DUI Defendant Admits Needs to ‘Grow Up,’ Paid for Mistake – Literally


FRESNO – Defendant David Honeycutt knew he made a mistake and literally paid for it here—several thousand dollars.

Honeycutt faced his second offense DUI conviction in Fresno County Superior Court Tuesday after driving under the influence during Labor Day weekend.

He admitted the crime, and that he needs to “grow up” and had no excuse.

While driving intoxicated, the 47-year-old defendant experienced car malfunctions, causing him to lose control of his vehicle. As a result, Honeycutt’s vehicle slipped away from the paved shoulder and trampled a perimeter fence.

Deputy District Attorney Albert Aramayo began the pre-trial hearing by introducing the defendant’s prior DUI record, noting, “He’s currently on probation for DUI in another county.”

DDA Aramayo quickly shifted to Honeycutt’s present case: “There was a hit and run which is being dismissed. Present case, in which the defendant collided with a perimeter fence after going over the shoulder on Interstate 5.”

In defense of Honeycutt, Assistant Public Defender Eduardo Cortez argued, “In this case, Honeycutt has conveyed to me that there was also a malfunction with the car’s braking system…it did collide with the fence.”

And he clarified, “The fence [was] I believe was in a rural area. The damage, I believe, was minimal. The vehicle was moved into a safer location, which [is where] he ended up stopping.”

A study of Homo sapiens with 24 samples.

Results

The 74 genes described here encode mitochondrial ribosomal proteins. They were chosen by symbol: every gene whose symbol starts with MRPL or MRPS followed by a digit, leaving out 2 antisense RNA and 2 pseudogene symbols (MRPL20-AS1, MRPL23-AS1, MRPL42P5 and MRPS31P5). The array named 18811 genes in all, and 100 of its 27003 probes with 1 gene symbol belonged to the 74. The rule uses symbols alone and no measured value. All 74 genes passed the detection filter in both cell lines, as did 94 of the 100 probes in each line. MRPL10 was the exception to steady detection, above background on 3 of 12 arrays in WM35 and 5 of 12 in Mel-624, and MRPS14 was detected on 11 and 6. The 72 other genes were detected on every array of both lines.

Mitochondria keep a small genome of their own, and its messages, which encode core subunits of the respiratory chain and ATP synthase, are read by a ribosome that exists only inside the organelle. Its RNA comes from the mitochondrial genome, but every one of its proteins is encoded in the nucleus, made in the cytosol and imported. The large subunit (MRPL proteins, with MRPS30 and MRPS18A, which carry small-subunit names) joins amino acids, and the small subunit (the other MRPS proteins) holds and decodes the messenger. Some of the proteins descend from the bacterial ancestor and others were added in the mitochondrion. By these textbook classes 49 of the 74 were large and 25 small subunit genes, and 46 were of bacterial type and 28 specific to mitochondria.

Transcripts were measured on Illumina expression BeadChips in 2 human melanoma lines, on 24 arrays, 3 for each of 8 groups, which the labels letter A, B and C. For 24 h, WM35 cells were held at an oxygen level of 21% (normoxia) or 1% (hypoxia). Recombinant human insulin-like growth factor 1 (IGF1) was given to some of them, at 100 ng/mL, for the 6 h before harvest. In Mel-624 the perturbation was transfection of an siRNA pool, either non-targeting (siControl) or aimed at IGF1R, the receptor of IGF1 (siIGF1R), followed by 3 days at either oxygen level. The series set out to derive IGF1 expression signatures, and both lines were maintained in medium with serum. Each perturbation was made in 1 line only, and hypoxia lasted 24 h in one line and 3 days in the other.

PD Cortez reassured the court, “Other than the prior DUI, Honeycutt has no other criminal history. I believe he is also taking responsibility for this DUI early on in the proceeding.”

DDA Aramayo interrupted, “Your honor, if I may add?”

Judge Jeff Hamilton responded, “Sure, go ahead.”

DDA Aramayo corrected PD Cortez’s claims and informed the judge “the defendant has a very excessive criminal history. However, it is mostly in Sacramento County. I’m currently looking at it and most of it is felony, misdemeanor, and drug convictions.”

PD Cortez acknowledged DDA Aramayo’s findings and chose not to comment.

Then, Judge Hamilton shifted gears and turned to the defendant asking, “Mr. Honeycutt, anything you want to say sir?”

Honeycutt responded, “I mean, I learned my lesson about it, your honor. You know it’s really impacted myself, my family, my kids, and just everybody around me.”

He admitted, “You know I’m 47 years old, it’s time to grow up and just be responsible.”

Judge Hamilton agreed, and added, “I agree with all of that. I do have to wonder though, why’d you get a new one in two years?”

Honeycutt explained, “Well, it was Labor Day weekend and I was heading back to work in Napa from Bakersfield,” revealing “I had a situation with my truck. It had a blow out and you know it ran off the road, it was an accident. It was completely my fault and being irresponsible.”

Judge Hamilton questioned Honeycutt, “Right, why are you still drinking and driving after one?”

Honeycutt acknowledged that and stated, “I have no excuse for that, your honor.”

Judge Hamilton ruled that Honeycutt will face three years of informal bench probation, or go to jail, pay $1,945 in fines, and enroll in the SB38 (California DUI School) program for 18 months.

Tanya Decendario is a third-year student studying Legal Studies at UC Berkeley. She is originally from Sonoma, CA, but currently resides in Albany, CA.



The Vanguard Court Watch operates in Yolo, Sacramento and Sacramento Counties with a mission to monitor and report on court cases. Anyone interested in interning at the Courthouse or volunteering to monitor cases should contact the Vanguard at info(at)davisvanguard(dot)org - please email info(at)davisvanguard(dot)org if you find inaccuracies in this report.